Children's Hospital of Philadelphia
January 2019

SCIENCE MADE EASY: The Stages of Viral Infection How HPV and Shingles Play a Long Game

Viruses are unique in that they don’t have the tools necessary to reproduce themselves. As a result, they always need to hijack a cell’s machinery. Different viruses rely on different types of cells to do this. But for the most part, when a virus enters a cell and takes over its machinery, the steps to reproducing itself are similar regardless of the virus or the type of cell it infects. You can watch these two short animations to see how a virus attaches to and reproduces in cells.

While viruses reproduce similarly, the infections they cause in people take different forms based on how the new viruses behave and our immune response to them. Watch this video to learn about the different types of viral infections and find out how some viruses like herpes zoster (chickenpox and shingles) and human papillomavirus (HPV) can remain in a host for years after the first contact.

News & Notes

The opioid epidemic and hepatitis A

States across the country have been seeing increases in hepatitis A outbreaks. The outbreaks have been linked to increases in homelessness and the ongoing opioid epidemic.

Hepatitis A is spread through the feces of infected people. Most often we think of this as resulting from food handlers who did not wash their hands properly after using the restroom or travelers who go to places where sewage may be near clean water or food. In the current situation, hepatitis A can spread as a result of living in unclean conditions or not being able to maintain proper hygiene, or similar circumstances that can inadvertently expose someone to microscopic amounts of infected fecal material.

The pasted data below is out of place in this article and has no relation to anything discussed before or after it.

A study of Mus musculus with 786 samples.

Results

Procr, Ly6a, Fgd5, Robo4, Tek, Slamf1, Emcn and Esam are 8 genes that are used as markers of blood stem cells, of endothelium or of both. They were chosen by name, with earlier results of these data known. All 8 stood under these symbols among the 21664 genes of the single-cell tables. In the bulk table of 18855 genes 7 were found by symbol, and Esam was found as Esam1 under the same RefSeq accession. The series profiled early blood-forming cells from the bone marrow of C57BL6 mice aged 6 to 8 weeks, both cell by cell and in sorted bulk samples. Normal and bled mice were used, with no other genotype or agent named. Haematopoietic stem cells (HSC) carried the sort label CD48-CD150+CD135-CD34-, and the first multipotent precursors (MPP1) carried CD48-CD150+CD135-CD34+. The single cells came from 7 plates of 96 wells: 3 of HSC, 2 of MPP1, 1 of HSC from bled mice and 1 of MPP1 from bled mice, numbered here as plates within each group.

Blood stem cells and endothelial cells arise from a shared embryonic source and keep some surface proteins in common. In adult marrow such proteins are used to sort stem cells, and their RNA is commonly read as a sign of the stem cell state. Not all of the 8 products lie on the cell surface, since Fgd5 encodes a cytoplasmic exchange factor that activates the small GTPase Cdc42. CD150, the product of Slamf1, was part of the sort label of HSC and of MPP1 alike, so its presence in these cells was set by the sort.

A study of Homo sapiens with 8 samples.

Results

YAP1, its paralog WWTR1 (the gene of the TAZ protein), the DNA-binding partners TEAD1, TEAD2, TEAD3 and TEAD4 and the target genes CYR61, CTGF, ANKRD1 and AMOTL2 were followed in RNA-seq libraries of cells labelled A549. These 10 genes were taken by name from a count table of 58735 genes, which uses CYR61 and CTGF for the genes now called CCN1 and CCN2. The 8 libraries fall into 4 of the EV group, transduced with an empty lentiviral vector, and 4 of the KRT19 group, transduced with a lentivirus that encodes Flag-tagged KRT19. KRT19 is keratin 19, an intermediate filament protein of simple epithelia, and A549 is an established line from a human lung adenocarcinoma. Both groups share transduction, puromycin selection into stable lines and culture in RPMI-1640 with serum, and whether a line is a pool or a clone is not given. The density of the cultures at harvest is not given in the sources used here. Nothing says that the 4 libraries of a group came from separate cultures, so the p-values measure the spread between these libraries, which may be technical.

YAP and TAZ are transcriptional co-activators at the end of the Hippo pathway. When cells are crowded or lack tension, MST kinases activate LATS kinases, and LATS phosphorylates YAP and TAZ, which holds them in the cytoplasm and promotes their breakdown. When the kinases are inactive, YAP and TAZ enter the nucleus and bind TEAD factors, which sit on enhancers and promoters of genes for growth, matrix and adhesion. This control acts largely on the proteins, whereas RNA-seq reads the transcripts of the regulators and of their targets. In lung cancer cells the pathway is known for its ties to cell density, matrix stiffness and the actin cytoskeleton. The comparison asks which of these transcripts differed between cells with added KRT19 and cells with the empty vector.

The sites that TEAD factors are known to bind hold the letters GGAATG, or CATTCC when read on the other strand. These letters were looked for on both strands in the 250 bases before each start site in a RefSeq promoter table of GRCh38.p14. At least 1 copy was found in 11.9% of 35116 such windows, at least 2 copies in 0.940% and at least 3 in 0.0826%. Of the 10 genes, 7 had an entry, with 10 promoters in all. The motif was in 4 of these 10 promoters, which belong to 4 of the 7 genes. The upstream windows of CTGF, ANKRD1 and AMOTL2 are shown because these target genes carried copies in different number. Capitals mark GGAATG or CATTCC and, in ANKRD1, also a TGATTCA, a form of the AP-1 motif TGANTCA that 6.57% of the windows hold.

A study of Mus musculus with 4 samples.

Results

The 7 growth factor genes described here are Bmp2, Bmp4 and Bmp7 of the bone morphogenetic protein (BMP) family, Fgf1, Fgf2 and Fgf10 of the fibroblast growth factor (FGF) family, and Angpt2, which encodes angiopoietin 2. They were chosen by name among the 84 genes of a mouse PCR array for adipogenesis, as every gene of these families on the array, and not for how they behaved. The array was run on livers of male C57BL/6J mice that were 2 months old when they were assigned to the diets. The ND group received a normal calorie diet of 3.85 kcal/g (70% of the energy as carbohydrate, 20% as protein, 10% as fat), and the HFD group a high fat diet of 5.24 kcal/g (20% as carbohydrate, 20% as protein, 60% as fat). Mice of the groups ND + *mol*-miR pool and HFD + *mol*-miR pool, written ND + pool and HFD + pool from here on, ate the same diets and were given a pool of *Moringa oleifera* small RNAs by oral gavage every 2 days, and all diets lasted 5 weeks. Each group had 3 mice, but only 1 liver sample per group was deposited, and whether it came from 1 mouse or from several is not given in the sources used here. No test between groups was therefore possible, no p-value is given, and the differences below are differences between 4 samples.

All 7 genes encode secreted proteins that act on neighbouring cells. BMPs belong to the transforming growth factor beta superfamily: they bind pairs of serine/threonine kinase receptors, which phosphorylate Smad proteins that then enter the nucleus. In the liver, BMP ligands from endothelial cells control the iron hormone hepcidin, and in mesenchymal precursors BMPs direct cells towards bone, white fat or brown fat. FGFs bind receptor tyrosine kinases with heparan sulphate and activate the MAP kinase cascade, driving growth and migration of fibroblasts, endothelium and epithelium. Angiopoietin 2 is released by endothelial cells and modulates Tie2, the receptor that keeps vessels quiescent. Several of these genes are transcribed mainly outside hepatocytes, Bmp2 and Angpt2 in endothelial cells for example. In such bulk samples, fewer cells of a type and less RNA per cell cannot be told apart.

For more information on hepatitis A and the vaccine to prevent it, check out these VEC resources: A Look at Each Vaccine: Hepatitis A webpage and Hepatitis A: What You Should Know Q&A sheet (English | Spanish).

"Going Viral" podcast delves into 1918 influenza pandemic

Last year (2018) marked the 100th anniversary of the 1918 influenza pandemic. Many groups and organizations shared information about this important historical event, such as the Parents PACK interview with Terri Wood about how, even generations later, her family has been affected by the pandemic.

One of the most extensive efforts we have seen, and wanted to share, was a podcast series called, Going Viral: The Mother of All Pandemics. Each of the eight episodes examines different facets of the pandemic, including its historical ramifications, what we know today about why it was so severe, and how it’s helping us prepare for future pandemics. If you like scientific and medical history, check out this podcast.

Just the Vax Trivia Corner

Why are people 50 years of age and older recommended to get the shingles vaccine when most of them have had chickenpox?

  1. The virus that causes chickenpox remains in the nerves and can reawaken as a person ages, causing shingles.
  2. Because anyone over 50 years old can get shingles, even if they haven't had chickenpox.
  3. Because exposure to chickenpox only provides immunity during youth.
  4. Because shingles virus is different enough that having chickenpox previously doesn't matter.